Conceptually engineered

The Pakhtun identity, a definitive idiom preceding the 1947 partition of the subcontinent and pre-existing the doctrinal instructions in religion could only be tamed through disembodied, non-exclusive nationalism imposed by geography

On October 16, 2017, Pakistan became one of 15 states elected by the UN General Assembly to serve as members of the UN Human Rights Council, from January 2018 to December 2020. In its election pledges, Pakistan said that it is ‘firmly resolved to uphold, promote and safeguard universal human rights and fundamental freedoms for all.’

Hereby lies the falsity of ‘universal human rights and fundamental freedoms for all’. Universal human rights and fundamental freedoms are internationalised edifice concepts ornamentalising a state’s extrinsic countenance with no mandatory edict to apply or comply endogenously.

The ongoing peaceful demonstration organised by the Pakhtun outside the Islamabad press club is a confluence of tyrannised individuals who befit Giorgio Agamben’s homo sacer.

The state of Pakistan is under no obligation to comply or apply the universal human rights and fundamental freedoms. They certainly cannot be extended to homo sacer trained and disciplined to heed the trumpet, at times announcing the infidels’ impending territorial conquest, at other times mercilessly criminalising their genealogy.

Pakhtun have an exceedingly uncomfortable relationship with the state of Pakistan and a periodic pledge of allegiance is required of them to affirm unity. The three principles of ‘faith’, ‘unity’ and ‘discipline’, enunciated as standard behaviour by Mr Jinnah were executed not to determine allegiance but to regulate ethnicity.

Pakhtuns have an exceedingly uncomfortable relationship with the state of Pakistan and a periodic pledge of allegiance is required of them to affirm unity. Three principles of ‘faith’, ‘unity’ and ‘discipline’, enunciated as standard behaviour by Jinnah were executed not to determine allegiance but to regulate ethnicity

The Babarra massacre of August 12, 1948, at Charsadda in the erstwhile North West Frontier Province (NWFP) where hundreds of unsuspecting non-violent Khudai Khitmatgars led by Khan Ghaffar Khan, protesting the arbitrariness of the government were killed on the orders of the chief minister, Abdul Qayyum Khan.

It was the beginning of the Pakhtun’s first lesson in ‘faith’, ‘unity’ and ‘discipline’. The massacre was archived as a rebellion against nationalism, not to be forgotten neither to be forgiven. Their historically celebrated intrepidity against the Greek, against the Moghuls and against the British turned into a referral looked upon with suspicion. The genetic configuration of the Pakhtun needed to be conceptually engineered.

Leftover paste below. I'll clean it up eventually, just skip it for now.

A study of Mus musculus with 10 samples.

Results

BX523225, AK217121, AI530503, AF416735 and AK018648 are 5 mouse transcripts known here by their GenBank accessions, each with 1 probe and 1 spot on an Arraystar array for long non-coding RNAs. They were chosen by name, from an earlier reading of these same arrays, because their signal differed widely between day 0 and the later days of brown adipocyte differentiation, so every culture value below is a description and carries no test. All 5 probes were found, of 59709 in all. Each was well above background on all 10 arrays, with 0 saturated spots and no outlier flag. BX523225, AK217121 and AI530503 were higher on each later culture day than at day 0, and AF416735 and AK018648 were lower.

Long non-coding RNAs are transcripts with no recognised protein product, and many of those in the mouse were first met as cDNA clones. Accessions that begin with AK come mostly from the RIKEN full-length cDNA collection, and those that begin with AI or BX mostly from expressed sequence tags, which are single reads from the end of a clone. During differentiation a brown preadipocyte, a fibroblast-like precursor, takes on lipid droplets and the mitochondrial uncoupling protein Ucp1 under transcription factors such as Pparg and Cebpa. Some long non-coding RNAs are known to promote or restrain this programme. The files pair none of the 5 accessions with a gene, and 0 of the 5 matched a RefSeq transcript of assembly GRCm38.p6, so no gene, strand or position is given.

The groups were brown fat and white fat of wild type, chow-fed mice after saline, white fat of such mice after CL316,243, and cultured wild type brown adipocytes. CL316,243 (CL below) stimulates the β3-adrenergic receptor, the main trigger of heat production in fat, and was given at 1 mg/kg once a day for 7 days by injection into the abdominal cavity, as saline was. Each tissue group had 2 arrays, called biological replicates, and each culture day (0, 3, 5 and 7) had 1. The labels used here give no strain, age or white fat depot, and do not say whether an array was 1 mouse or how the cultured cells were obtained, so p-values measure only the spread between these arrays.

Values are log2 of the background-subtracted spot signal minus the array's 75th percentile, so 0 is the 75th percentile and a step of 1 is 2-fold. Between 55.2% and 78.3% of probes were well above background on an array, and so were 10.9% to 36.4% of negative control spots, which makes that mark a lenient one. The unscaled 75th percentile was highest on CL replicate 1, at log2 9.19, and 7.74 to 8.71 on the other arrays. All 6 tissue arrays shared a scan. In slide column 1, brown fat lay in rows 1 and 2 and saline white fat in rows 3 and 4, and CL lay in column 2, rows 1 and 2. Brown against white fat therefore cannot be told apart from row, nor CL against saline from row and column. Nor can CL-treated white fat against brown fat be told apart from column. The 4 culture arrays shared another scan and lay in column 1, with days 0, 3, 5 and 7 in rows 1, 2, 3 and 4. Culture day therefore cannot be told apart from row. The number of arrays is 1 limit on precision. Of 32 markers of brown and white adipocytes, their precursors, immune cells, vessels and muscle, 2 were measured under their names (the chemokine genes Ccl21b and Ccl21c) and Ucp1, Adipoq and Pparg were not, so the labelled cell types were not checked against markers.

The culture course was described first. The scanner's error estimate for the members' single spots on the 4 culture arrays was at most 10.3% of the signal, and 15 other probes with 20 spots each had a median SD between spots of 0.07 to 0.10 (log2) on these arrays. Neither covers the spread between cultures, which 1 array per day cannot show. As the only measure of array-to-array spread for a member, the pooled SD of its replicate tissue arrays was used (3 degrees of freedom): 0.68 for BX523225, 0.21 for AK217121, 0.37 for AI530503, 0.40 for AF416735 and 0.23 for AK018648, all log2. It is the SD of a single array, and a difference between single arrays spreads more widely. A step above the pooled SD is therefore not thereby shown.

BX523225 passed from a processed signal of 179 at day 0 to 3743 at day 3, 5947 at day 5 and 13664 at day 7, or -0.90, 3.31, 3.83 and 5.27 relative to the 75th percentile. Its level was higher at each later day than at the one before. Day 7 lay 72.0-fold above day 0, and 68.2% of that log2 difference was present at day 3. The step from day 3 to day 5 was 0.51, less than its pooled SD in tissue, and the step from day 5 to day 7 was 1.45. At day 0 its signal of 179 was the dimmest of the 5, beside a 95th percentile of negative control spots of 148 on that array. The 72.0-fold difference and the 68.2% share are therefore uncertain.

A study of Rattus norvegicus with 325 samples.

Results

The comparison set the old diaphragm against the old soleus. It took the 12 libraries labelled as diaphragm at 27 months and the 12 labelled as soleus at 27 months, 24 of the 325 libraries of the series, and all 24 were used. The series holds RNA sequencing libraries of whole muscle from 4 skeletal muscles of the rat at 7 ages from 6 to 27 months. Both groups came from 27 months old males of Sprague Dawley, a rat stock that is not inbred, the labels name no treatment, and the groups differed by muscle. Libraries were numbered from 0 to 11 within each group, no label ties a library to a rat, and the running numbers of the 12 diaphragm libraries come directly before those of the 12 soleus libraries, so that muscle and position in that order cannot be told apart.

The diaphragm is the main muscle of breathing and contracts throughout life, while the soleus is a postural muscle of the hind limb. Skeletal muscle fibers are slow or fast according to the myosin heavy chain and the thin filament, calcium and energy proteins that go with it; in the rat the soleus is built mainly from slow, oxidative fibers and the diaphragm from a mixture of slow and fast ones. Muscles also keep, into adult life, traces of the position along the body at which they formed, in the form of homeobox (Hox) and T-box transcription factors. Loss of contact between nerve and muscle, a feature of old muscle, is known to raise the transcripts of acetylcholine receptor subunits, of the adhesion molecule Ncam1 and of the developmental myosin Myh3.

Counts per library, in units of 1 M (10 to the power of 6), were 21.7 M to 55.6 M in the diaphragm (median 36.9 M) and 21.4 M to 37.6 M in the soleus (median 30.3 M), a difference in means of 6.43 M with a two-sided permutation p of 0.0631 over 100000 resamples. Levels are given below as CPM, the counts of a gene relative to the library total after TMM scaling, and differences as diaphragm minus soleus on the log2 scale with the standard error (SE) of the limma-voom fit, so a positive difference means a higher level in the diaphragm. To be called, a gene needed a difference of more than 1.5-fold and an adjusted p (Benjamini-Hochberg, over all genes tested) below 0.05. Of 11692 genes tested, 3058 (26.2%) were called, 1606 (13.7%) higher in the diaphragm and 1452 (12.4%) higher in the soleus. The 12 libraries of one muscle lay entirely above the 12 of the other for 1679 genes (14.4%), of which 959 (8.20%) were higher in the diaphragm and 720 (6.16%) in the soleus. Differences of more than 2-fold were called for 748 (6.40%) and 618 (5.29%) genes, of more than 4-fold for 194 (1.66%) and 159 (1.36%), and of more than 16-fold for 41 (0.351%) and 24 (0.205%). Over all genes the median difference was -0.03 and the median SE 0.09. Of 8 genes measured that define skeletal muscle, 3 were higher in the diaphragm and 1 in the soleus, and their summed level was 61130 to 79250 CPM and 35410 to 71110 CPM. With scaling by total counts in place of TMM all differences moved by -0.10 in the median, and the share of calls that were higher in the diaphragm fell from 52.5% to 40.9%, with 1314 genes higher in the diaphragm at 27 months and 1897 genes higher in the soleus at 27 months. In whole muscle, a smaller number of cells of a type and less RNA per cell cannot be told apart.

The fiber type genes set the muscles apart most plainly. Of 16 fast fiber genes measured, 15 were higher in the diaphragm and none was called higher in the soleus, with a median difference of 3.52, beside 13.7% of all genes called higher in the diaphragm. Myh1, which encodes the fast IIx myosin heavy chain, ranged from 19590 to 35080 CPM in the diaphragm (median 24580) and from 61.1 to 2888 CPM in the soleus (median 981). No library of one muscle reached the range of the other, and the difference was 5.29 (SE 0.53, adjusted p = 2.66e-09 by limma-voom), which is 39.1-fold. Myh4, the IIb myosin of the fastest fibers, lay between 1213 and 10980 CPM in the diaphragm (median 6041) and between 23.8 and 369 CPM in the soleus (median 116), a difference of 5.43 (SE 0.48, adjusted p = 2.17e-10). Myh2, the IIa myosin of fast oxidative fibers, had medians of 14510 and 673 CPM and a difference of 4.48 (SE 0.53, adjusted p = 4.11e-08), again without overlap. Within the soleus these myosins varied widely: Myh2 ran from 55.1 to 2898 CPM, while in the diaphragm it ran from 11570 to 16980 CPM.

The Pakhtun identity, a definitive idiom preceding the 1947 partition of the subcontinent and pre-existing the doctrinal instructions in religion could only be tamed through disembodied, beheaded non-exclusive nationalism imposed by geography.

On the West lay Afghanistan, whose premier vote of dissent against the newly created state of Pakistan never ceased to remind of the Pakhtun origin. Their anthropological roots were dangerously straddling both sides of the Durand Line. Unity through indoctrination of faith was the single most powerful tool to discipline the Pakhtun.

Their past ventures provided the state with a perfect contraption to regulate the Pakhtun. The drafters of geographical nationalism believed a Pakhtun could only remain pliable to the state if placed in an environment of constant threat. Two elements of ‘infidels’ and ‘religion’ were hypothesised to conceive the theory of ‘endangerment’ and put forward to the potent Pakhtun whose Pakhtunwali was about to be mercilessly manipulated.

The conceptual engineering was carefully laid out and poured into the crucible of the geographical events cultivated as a consequence of the 1979 Soviet invasion of Afghanistan. As an inhabitant of the state of Pakistan, the Pakhtun had to express unity and allegiance by fighting the infidel in the name of religion.

The seemingly benign theory of ‘endangerment’ was stilted on extremely dangerous ground. The indomitable holy warriors representing the state became its operational ploys in, what came to be known but could not be uttered, gaining strategic depth.

Not before too long, the theory of endangerment became untenable to gain strategic depth and the flaws in the conceptual engineering of the Pakhtun began to appear. But the state was not willing to concede guilt. Certainly not if it wanted to expunge its pariah state image. The blame had to be attributed to someone. The deportation of the Pakhtun from the historical warrior to an impregnable terrorist momentarily sanitised the state character. To eternalise its clean, righteous entity the Pakhtun had to be synonymous with the Taliban and terrorist, respectively.

Hence began a desperate attempt of vindication and vilification. From operation Al-Mizan to Rah-e-Haq, from operation Sirat-e-Mustaqeem to Rah-e-Raast and from Rah-e-Nijaat to the not too long, Zarb-e-Azb, the unarmed Pakhtun are wilting under heavy artillery and indiscriminately disproportionate fire power.

On February 7, 2018, in the name of law and order, the people of Swat were denied the legitimate right to peacefully protest the murder of Naqeebullah Mehsud. The denial should be seen as yet another mechanism to regulate the Pakhtun identity. Should felicitations be in order? Perhaps it is too soon for self commendation, for the Pakhtun’s most misunderstood and underrated characteristic is the dangerous calm before the outburst. End

The writer is a journalist and writer who formerly worked for Friday Times, Frontier Post and the Dawn

Published in Daily Times, February 10th 2018.